I think you have to look at speed as the second most important element leading off - after OBP. Getting on at a high clip is most important. But look at Stubbs. Low OBP, high strikeouts but he was a run machine. His base running was excellent and his speed was top notch. When he did get on he scored a phenomenal % of the time. It didn't offset his low OBP but it did ameliorate it somewhat. Dusty gets ripped for his "clogging the bases" comment and probably should but there is a grain of truth in it too with slow station to station players like Hanigan. As RMR shows, even with much higher OBP rates they may barely achieve the scoring production of much, much lower OBP players with excellent speed. Remember, of course - this is the two extremes of the categories, speed and OBP wise. Also, Stubbs success scoring on a high pct basis came because of his overall running prowess - not just stealing - his speed was an asset beyond just stealing bases which is something that gets forgotten. First to third, scoring from first, or scoring from second on the shallow single are things the fleet footed runner can do. I don't think you have to be in Rickey Henderson's class - look at Pete - but I think you should be a smart aggressive baserunner with enough speed to take an extra base like Pete was in order to be a good leadoff man, and of course, have a solid OBP. If Stubbs taught us anything it should be that a low OBP leadoff man with a lot of speed can be somewhat effective (if inordinately frustrating to watch). I have high hopes Billy can better Stubbs OBP rate and he is even faster and a better base stealer. I don't think he has to be a .380 to .400 OBP guy to be really, really good. .325-.340 especially in his early seasons would be okay by me. Anything more would be gravy. Anything less would be Stubbesian - but might still be workable.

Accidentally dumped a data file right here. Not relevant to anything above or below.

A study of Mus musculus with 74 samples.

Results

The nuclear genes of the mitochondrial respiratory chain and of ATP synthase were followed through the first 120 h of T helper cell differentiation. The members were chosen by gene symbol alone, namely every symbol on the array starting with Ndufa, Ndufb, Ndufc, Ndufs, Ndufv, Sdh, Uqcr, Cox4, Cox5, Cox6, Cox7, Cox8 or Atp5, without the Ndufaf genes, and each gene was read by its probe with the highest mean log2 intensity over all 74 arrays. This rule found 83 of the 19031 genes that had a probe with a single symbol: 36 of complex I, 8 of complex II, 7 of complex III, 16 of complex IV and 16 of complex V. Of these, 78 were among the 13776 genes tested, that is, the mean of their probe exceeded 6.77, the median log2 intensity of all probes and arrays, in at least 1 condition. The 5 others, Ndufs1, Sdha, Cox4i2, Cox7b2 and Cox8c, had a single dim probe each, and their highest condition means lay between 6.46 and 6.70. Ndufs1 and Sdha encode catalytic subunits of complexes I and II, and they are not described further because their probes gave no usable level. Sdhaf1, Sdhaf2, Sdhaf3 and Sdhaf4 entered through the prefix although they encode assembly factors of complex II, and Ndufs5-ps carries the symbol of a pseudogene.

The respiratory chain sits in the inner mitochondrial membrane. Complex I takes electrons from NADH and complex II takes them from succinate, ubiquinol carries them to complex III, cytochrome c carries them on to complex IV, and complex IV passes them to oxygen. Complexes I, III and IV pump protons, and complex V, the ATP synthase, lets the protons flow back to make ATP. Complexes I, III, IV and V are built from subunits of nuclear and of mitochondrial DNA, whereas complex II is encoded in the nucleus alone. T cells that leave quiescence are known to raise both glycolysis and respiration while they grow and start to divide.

Hamilton is tweeting with Michael Crouse who is a Minor league player with the BlueJays
billy hamilton @b_ham_3 14m
billy hamilton @b_ham_3 14sQuote:
“@_crouse_: @b_ham_3 sept call piece or what?”bro I'm hoping I haven't heard anything yet
“@_crouse_: @b_ham_3 need the cup of coffee”yes sir bro wat about u?
Can we bring this run scoring discussion back around to Billy's effect? After last night, it's easy to be excited about the possibilities. What is of interest to me now is how Billy will compare to Choo in terms of runs scored. If Billy is to Choo what Cozart is to Hanigan, how many more runs does Billy score than Choo? Or is he still short of Choo?
Excluding only HR, Billy scores 43% of the time he's on base and Choo scores 31% of the time he's on base. With a significant advantage in XBH and talent hitting behind him Choo still does not score as frequently as Billy.
Using Rick's conversion of 1% of likelihood of scoring = 10 points of OBP, does Billy need to OBP .297 next year to score the 93 runs in 133 games that Choo has? (.417 OBP-(12 points difference in scoring frequency*10) = .297 OBP) Is that the correct use of your numbers Rick?
2012 Billy scored 45% of the time
Minors career it is 42% of the time
Majors career is an astounding 100% of the time.
Choo has scored 29% of the time in his career in various places in the lineup.
All these numbers are minus home runs.
And Jose Reyes has scored 39% in his mlb career, while also score 47% of the time in the minors. Perhaps we should adjust downward for Billy to the 37-40% range for a reasonable outcome in the majors. Reyes was a stealer in the minors but only reached 58 sb in a full season one time, so I don't know if Billy should be adjusted too far down as he's even faster and better on the bases than Reyes.
How many cups of coffee have you had today? :laugh:
Cozart is around 45% this year.
One problem wih with Billy is the lack of pop (which Cozart and Stubbs have). Although the stolen bases are going to help with that. It will certainly be interesting to track the percentage of time that Billy scores next year. Hopefully he does put up his first of many 100 runs scored seasons :)
Billy Hamilton is eligible for the Reds' playoff roster.
Advice: Hamilton wasn't added to the 40-man roster until September 2, but MLB rules allow Cincinnati to replace a player on the disabled list (in this case, Nick Masset) on the playoff roster with a player who wasn't on the 40-man roster at the end of August. Expect to see Hamilton in the postseason. The fastest player in the game makes for a terrifying bench weapon in October.
More: John Fay on Twitter
So, whose place does Hamilton take on the playoff roster?